Home Video Hovel: The Erotic Rites of Frankenstein, by David Bax
I owe most of my familiarity with the bizarre subgenre of cinema fantastique to Kino Lorber and their Redemption imprint. It was a few years ago that they released a series of films by Jean Rollin, one of the stalwarts of the form. More recently, they’ve been putting out work by another, Jess Franco. Now they give us The Erotic Rites of Frankenstein, a neat and compact little horror story at only 74 minutes that still manages to cram in plenty of the hedonistic indulgences of the form.
A twist on the classic Frankenstein story, this version begins with the mad doctor being killed by a cult leader named Cagliostro (Howard Vernon) mere moments after creating his famous monster (Fernando Bilbao). The monster is kidnapped along with Frankenstein’s daughter (Beatriz Savon). Cagliostro’s plan involves murdering a succession of beautiful women, piecing their parts together to create a new monster with whom the original can mate. His scheme also involves a blind half bird/half woman (Anne Libert) and an army of rotting and skeletal undead. Luckily, he left the doctor’s corpse near his machinery so the good guys can, whenever need be, pump him full of electricity and reanimate him long enough to gather the next necessary piece of exposition (seriously, this happens like three times).
That sounds like a lot of plot but mostly Franco sticks to the fantastique model of alternating self-conscious, meaninglessly artsy titillation with quiet stretches of moodiness. There’s a new age, psychedelic tone to Cagliostro’s whole milieu, the pairing of which with ritual murders has a distinctly post-Manson vibe. Most of the film’s raison d’etre can be boiled down to the uncomfortably stretched out scenes of violence, nudity or both (as in the case of the bit where a naked man and woman are lashed together and mercilessly whipped until they fall into the array of sharp, metal stakes protruding from the floor around them).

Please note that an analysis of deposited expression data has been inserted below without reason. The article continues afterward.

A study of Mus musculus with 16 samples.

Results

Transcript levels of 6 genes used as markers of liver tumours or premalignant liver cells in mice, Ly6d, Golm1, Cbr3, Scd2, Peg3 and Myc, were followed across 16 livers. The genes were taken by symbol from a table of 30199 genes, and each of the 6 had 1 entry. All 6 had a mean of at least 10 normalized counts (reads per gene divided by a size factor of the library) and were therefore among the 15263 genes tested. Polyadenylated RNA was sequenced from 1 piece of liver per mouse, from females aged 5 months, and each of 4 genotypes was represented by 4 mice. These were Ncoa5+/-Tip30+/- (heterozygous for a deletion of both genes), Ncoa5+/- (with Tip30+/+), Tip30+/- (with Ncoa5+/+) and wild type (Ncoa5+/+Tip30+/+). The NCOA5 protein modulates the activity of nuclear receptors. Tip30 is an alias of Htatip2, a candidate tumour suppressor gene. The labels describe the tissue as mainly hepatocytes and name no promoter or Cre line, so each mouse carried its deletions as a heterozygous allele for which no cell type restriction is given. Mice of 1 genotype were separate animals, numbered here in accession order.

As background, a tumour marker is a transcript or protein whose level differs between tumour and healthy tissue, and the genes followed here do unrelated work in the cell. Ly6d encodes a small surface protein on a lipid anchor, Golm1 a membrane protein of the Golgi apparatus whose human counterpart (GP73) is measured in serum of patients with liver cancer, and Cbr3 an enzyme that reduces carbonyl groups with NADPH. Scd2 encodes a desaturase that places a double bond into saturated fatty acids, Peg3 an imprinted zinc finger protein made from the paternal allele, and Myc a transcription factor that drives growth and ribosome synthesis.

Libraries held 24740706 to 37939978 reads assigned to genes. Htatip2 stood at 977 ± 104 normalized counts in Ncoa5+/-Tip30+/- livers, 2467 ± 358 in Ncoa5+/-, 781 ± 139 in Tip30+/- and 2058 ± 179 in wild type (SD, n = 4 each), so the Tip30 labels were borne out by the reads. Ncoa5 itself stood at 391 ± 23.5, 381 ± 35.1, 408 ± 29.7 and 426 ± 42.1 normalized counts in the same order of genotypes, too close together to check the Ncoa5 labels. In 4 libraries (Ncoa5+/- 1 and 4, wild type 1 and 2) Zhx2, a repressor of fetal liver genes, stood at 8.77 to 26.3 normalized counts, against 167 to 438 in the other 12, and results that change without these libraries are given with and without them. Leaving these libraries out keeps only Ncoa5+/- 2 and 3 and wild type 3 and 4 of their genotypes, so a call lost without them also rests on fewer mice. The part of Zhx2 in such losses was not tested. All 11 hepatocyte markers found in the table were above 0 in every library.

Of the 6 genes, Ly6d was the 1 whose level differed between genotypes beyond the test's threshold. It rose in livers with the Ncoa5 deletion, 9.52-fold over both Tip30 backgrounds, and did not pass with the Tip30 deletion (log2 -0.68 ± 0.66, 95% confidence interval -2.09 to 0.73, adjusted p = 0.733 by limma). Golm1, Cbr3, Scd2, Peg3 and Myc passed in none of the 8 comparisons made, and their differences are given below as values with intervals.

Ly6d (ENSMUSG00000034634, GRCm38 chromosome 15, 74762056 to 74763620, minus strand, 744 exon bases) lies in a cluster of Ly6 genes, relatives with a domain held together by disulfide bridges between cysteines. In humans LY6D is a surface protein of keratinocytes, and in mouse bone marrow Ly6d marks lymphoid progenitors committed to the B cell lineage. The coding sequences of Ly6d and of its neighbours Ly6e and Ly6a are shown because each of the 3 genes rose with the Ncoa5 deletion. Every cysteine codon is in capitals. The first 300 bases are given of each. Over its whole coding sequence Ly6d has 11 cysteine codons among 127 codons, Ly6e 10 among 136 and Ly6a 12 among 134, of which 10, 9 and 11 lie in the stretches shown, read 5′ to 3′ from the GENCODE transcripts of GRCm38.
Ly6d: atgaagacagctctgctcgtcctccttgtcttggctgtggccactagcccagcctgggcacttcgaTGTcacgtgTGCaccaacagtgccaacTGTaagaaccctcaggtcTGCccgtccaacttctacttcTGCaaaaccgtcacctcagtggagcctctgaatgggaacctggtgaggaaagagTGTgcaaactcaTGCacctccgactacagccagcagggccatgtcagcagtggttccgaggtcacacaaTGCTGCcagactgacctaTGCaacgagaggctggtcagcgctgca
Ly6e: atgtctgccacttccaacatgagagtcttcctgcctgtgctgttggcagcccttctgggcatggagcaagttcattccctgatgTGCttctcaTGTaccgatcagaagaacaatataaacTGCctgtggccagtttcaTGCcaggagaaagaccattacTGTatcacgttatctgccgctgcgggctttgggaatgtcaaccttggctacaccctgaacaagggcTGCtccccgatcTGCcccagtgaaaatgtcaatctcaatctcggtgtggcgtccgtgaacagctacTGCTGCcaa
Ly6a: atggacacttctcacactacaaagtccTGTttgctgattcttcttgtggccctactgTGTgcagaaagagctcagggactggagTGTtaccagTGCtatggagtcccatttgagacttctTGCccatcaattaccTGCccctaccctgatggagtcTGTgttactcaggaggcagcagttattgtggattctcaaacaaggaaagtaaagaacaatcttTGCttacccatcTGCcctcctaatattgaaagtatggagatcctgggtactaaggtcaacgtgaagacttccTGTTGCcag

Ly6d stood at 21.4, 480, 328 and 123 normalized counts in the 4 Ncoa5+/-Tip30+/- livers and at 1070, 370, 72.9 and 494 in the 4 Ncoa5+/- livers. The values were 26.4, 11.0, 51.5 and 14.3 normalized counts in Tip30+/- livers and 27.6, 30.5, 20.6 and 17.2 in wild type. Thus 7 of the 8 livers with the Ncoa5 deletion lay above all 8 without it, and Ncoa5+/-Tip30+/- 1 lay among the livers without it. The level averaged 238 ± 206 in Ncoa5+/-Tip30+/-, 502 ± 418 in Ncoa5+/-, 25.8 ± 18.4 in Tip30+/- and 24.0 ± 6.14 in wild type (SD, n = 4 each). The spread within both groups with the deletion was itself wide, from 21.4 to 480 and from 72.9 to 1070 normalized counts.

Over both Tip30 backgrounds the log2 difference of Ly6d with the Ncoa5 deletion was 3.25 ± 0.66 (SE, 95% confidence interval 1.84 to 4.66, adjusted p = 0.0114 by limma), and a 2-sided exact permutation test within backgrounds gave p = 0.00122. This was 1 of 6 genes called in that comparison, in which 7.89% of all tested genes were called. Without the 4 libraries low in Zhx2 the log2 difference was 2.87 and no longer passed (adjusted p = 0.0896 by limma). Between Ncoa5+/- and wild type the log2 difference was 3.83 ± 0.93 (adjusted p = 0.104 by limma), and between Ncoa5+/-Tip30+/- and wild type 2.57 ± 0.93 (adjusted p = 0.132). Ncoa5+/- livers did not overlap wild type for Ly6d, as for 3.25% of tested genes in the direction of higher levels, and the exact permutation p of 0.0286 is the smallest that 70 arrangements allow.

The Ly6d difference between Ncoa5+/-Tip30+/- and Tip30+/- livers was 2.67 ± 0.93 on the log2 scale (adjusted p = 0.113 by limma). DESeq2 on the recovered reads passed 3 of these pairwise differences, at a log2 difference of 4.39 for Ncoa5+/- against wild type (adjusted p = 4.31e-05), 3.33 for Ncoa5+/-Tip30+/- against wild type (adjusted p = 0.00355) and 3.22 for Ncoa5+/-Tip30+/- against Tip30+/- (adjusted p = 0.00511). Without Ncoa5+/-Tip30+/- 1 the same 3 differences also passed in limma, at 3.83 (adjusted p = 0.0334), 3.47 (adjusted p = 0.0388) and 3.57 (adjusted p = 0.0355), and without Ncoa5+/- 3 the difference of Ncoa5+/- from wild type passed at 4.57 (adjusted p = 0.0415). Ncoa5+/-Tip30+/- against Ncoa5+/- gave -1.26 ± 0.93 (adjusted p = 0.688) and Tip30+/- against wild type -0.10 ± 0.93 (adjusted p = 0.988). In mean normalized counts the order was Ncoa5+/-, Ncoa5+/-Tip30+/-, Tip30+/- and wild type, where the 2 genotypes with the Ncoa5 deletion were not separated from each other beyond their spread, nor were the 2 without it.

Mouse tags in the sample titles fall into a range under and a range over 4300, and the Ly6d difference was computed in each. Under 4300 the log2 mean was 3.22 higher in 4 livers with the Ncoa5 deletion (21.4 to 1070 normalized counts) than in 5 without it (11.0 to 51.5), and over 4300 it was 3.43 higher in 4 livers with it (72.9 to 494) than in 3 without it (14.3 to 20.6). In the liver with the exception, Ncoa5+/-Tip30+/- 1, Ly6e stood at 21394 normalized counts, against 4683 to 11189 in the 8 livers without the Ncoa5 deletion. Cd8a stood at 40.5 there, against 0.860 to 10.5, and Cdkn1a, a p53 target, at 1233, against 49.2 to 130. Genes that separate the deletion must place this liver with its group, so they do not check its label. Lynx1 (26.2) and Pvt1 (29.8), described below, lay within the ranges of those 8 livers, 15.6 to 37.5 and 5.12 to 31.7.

That’s not to say the movie isn’t fun, though. Franco might not have as deeply weird an imagination as Rollin but he possesses more mastery over cinematic technique. His widescreen frames showcase terrifically balanced sets and color schemes. And his use of wide-angle lenses in handheld shots are likely influences on later films by Wes Craven. With its blend of brilliant visual cues and good, schlocky fun, The Erotic Rites of Frankenstein might just be the ideal cinema fantastique starter kit.
The transfer, from 35mm negative, is up to Kino’s usual standards, vibrant and rich without over-saturation.
Special features include a commentary by Tim Lucas of Video Watchdog and an alternate English dubbed soundtrack (to which I did not submit myself).